Can Sex And Religion Mix? A New Report Says They Should
Posted January 22, 2009
A recent report from the Religious Institute on Sexual Morality, Justice, and Healing deals with how sex and religion should interact and why.
I think the answer is obviously yes. Humans are sexual beings. We are also, for the most part, religious beings as well. Most people believe in some form of higher power, belong to a house of worship (church, mosque, synagogue, etc), or practice their own forms of spirituality.
It makes sense then to educate those people who lead us in our spiritual lives about sexuality. There have been some interesting sexuality blog posts about this intersection, but they tended toward the shocking and political, rather than the informative and inclusive.
A great blog post from About.com Sexuality writer Cory Silverberg led me to to the a report titled “Sex and the Seminary.” The Religious Institute on Sexual Morality, Justice, and Healing recently released the report on how seminary students are being taught about sexuality.
Cory did a nice job of talking about the highlights of report, so you should definitely check out his post. Here are a few points that I found interesting in the executive summary of the report:
Future clergy and other religious professionals can graduate without taking a sexuality course. 90% of schools don’t require a sexuality course. Only one seminary requires a course in sexuality issues for religious professionals, and only two require an LGBT/queer studies course.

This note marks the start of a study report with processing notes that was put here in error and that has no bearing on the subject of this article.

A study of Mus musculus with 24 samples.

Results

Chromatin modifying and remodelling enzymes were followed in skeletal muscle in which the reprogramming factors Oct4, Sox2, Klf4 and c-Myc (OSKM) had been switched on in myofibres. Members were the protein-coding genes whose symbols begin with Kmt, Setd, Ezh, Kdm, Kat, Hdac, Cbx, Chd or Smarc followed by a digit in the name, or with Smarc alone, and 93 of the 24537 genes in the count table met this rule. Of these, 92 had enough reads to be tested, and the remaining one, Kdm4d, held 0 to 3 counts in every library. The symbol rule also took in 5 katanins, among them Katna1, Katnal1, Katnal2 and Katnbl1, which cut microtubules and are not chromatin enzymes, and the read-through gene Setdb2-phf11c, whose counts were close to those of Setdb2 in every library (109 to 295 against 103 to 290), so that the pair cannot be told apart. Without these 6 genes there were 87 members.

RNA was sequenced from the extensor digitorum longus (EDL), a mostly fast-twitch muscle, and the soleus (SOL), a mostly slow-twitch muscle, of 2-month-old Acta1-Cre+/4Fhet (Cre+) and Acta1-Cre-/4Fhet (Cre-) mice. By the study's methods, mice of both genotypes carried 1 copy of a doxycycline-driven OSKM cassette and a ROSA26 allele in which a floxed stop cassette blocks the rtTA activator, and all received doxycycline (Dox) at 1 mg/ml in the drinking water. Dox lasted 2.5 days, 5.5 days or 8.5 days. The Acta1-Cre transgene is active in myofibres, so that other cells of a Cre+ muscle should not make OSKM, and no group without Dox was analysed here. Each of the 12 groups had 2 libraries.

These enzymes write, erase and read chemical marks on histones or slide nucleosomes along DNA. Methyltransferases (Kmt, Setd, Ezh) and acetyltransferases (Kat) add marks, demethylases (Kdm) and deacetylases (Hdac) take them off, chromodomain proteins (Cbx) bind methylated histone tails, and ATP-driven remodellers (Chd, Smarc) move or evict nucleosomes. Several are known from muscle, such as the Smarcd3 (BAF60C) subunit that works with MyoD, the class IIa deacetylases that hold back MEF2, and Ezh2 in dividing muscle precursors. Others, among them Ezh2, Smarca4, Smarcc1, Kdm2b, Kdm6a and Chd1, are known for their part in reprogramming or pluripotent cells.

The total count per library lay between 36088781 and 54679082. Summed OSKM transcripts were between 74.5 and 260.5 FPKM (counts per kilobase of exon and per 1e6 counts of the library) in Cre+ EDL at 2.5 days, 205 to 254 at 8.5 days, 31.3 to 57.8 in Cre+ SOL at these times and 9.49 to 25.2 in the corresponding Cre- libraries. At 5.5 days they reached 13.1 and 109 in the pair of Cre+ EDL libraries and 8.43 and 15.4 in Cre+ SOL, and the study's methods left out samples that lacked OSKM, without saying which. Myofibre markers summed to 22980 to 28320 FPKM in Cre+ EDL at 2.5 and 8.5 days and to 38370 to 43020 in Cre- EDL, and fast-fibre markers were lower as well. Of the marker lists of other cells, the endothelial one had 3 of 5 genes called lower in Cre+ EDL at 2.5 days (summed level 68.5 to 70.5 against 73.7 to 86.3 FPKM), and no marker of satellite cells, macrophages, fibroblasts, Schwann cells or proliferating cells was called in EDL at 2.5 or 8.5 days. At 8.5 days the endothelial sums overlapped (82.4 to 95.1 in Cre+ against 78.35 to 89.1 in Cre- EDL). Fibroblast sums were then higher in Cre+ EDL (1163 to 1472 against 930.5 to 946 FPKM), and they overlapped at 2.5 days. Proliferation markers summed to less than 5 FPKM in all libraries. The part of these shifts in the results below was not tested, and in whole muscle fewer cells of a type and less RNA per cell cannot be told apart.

Women and feminist studies courses are covered much more often than any other sexuality area. It’s hard to be upset by this fact because on one hand, I’m glad seminary students have access to gender studies classes. On the other, it seems strange that they offer almost three times as many majors, minors, and certificates in women and feminist studies as in sexuality or LGBT/queer studies when everyone has sex (except for some of the priests attending seminary, I suppose).
They are learning about sexual harassment. 80% of the institutions surveyed offer learning opportunities (such as classes or workshops) in sexual harassment prevention and over 90% have policies about student/staff relationships.
There are resources available to students. 25% of seminaries have free-standing centers or programs dedicated to a sexuality-related issue. 75% of schools report that members of faculty or senior administrative staff have published on or been featured in the media addressing a sexual justice issue.
Perhaps the finding which sounds the most promising to me:
“Sexuality issues are often addressed within a framework of intersecting social justice issues, such as economics, environmental issues, racial/ethnic diversity,and disability issues. The majority of faculty teaching sexuality issues for religious professionals or LGBT/queer studies courses and all of the sexuality-related centers address sexuality from racial, ethnic, and cross-cultural perspectives.”
Yes! This is exactly what needs to happen. I don’t think it’s so much that future pastors or priests need to learn about the latest sex toy, but I think it is important for them to recognize that their congregations will be coming to them with sexuality issues.
This is especially the case if the clergy are involved in any kind of pre-marital or marital counseling where sex absolutely should be discussed. I hope this study encourages seminary programs to include more sexuality education in their programs as well as inspiring seminary students to ask for sexuality education to better serve their congregations.